China is officially operating the first system in the world that has a peak performance of over 100 PFlops.
The Sunway TaihuLight Supercomputer is a completely homegrown supercomputer that is being run by the National Supercomputing Center in Wuxi (NSCC-Wuxi).
Because it is the world's fastest supercomputer, it is contributing to research fields such as earth system modeling, ocean surface wave modeling, atomistic simulation and phase-field simulation. Three of its applications have managed to scale to the full system, and have even been nominated as finalists for the Gordon Bell award of 2016—the highest honor in the high-performance computing applications field.
The peak performance of the Sunway TaihuLight is 125 Pflops; the Linpack performance is 93 PFlops; and the performance per watt is 6.05 GFlops/W.
One of the computer’s major tech breakthroughs is the homegrown SW26010 many-core processor, which includes four management processing elements (MPEs) and 256 computing processing elements (CPEs), and provides a peak performance of over 3.06 TFlops.
Supercomputers’ origins date back to the 1970s, and scientific computing has become a major scientific standard. The computations conducted by a supercomputer have been applied to various scientific domains, such as climate modeling, earth subsurface modeling and inversion, sky simulation, and phase-field simulation. As science advances, scientists need to simulate even more complex models, and the temporal and spatial resolutions they require are also increasing rapidly. All of these factors contribute to the demand for greater computing power.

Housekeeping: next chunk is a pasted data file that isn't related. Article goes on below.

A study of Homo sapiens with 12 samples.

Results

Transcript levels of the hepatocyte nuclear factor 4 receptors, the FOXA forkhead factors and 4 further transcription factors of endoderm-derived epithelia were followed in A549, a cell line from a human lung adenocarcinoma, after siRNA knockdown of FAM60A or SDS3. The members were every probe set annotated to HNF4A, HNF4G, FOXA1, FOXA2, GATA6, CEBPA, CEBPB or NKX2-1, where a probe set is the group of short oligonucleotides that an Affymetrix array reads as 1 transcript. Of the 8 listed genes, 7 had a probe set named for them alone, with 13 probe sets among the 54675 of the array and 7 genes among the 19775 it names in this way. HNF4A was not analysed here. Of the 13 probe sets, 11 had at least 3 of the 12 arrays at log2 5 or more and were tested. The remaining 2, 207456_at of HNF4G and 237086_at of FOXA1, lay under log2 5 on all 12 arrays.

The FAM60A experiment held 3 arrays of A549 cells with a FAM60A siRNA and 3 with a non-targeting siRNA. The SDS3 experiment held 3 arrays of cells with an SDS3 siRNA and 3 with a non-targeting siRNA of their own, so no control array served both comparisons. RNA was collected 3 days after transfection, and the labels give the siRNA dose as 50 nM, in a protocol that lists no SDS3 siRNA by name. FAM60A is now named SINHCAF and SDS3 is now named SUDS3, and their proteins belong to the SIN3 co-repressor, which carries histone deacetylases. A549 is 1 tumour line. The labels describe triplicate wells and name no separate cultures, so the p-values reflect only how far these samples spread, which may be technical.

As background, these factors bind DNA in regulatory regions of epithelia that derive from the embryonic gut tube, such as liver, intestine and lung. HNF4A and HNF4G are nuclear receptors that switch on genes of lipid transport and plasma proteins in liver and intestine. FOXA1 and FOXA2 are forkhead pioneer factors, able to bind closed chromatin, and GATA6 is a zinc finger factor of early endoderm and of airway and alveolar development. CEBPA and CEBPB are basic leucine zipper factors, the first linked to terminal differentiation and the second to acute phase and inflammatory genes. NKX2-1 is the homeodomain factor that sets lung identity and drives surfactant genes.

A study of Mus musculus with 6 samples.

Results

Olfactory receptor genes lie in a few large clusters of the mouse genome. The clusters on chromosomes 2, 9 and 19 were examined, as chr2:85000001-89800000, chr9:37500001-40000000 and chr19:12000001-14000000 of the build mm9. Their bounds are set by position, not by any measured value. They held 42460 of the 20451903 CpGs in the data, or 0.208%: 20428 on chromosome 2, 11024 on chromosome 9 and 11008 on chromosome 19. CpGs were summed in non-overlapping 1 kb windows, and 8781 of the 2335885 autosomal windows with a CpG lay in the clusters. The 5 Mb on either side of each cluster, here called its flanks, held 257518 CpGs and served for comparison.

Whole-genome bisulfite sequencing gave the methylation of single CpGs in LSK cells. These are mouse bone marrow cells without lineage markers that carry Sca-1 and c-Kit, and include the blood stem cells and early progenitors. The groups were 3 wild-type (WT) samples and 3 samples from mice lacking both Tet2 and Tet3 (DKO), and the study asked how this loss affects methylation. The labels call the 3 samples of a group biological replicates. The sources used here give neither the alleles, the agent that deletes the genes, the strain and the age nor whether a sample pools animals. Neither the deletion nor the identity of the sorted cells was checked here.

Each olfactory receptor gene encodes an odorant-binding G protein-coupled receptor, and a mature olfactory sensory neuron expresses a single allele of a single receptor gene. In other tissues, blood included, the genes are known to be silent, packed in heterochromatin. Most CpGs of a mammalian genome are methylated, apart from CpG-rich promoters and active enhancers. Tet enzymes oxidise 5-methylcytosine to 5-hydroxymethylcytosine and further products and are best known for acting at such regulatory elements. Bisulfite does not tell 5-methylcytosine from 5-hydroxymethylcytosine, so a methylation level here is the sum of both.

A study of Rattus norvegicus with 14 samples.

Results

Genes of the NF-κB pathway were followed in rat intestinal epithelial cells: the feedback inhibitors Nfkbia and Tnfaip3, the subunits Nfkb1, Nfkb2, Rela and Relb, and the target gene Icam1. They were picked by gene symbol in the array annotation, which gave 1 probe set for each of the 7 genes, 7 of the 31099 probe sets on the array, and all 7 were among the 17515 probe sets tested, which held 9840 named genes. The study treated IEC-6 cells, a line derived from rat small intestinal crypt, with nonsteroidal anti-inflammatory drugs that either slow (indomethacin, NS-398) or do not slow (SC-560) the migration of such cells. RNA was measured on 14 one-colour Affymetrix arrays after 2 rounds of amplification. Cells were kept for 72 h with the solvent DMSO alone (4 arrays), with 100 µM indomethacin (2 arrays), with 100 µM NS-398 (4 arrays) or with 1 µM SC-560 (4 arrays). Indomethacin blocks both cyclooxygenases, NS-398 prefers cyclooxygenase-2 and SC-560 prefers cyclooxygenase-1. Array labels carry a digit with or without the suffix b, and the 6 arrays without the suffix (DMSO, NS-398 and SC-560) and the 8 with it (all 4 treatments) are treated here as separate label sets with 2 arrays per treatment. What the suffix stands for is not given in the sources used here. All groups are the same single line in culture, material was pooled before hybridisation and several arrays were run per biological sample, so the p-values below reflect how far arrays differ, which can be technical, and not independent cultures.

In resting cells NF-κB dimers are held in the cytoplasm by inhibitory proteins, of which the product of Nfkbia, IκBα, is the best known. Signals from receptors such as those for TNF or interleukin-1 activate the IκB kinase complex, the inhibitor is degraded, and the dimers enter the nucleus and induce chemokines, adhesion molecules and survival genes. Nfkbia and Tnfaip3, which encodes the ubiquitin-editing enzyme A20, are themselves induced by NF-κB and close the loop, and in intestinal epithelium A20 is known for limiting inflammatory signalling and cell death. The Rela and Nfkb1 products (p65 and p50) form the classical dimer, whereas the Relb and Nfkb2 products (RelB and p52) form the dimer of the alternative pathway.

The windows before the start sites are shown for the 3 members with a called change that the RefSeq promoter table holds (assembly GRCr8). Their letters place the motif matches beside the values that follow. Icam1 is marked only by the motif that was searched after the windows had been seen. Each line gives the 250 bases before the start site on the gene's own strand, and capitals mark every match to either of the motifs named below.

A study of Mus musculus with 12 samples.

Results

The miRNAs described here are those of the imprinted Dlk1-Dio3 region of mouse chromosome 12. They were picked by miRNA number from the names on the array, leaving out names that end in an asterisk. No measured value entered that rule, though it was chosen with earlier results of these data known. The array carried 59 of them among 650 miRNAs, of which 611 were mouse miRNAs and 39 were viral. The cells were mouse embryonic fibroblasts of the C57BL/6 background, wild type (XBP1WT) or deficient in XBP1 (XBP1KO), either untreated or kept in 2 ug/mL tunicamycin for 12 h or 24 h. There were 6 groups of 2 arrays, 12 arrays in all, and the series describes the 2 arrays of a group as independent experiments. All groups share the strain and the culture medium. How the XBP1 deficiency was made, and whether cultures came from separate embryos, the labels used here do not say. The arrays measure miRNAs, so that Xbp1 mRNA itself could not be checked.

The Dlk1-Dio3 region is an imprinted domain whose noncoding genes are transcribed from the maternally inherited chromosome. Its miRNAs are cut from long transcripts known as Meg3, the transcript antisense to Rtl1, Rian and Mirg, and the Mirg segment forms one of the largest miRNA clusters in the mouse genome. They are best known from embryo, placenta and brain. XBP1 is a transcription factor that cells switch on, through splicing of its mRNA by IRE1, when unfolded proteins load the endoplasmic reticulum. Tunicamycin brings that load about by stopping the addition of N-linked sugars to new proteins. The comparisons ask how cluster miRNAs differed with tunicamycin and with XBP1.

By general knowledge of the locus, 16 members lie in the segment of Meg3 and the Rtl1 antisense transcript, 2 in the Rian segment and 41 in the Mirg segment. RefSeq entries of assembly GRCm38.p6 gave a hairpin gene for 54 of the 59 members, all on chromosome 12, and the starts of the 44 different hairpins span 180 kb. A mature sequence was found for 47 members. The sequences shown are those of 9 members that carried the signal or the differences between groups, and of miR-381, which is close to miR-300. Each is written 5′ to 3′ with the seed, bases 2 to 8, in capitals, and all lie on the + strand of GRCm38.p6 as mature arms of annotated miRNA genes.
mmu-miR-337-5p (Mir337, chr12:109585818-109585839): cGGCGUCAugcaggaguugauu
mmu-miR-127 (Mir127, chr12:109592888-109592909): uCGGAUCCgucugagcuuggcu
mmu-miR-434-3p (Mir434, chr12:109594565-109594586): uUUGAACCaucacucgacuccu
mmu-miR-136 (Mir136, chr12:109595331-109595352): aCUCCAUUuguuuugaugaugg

The Sunway TaihuLight has already provided computational support to research universities and institutes in China, such as Tsinghua University, Beijing Normal University, Chinese Academy of Sciences and the First Institute of Oceanography.
An introduction to the TaihuLight system, entitled "The Sunway TaihuLight Supercomputer: System and Applications," provides a detailed illustration of the Sunway TaihuLight supercomputer and its subsystems. These subsystems include the software system, the hardware system, the power system, the architecture of the new SW26010 many-core processor, as well as applications.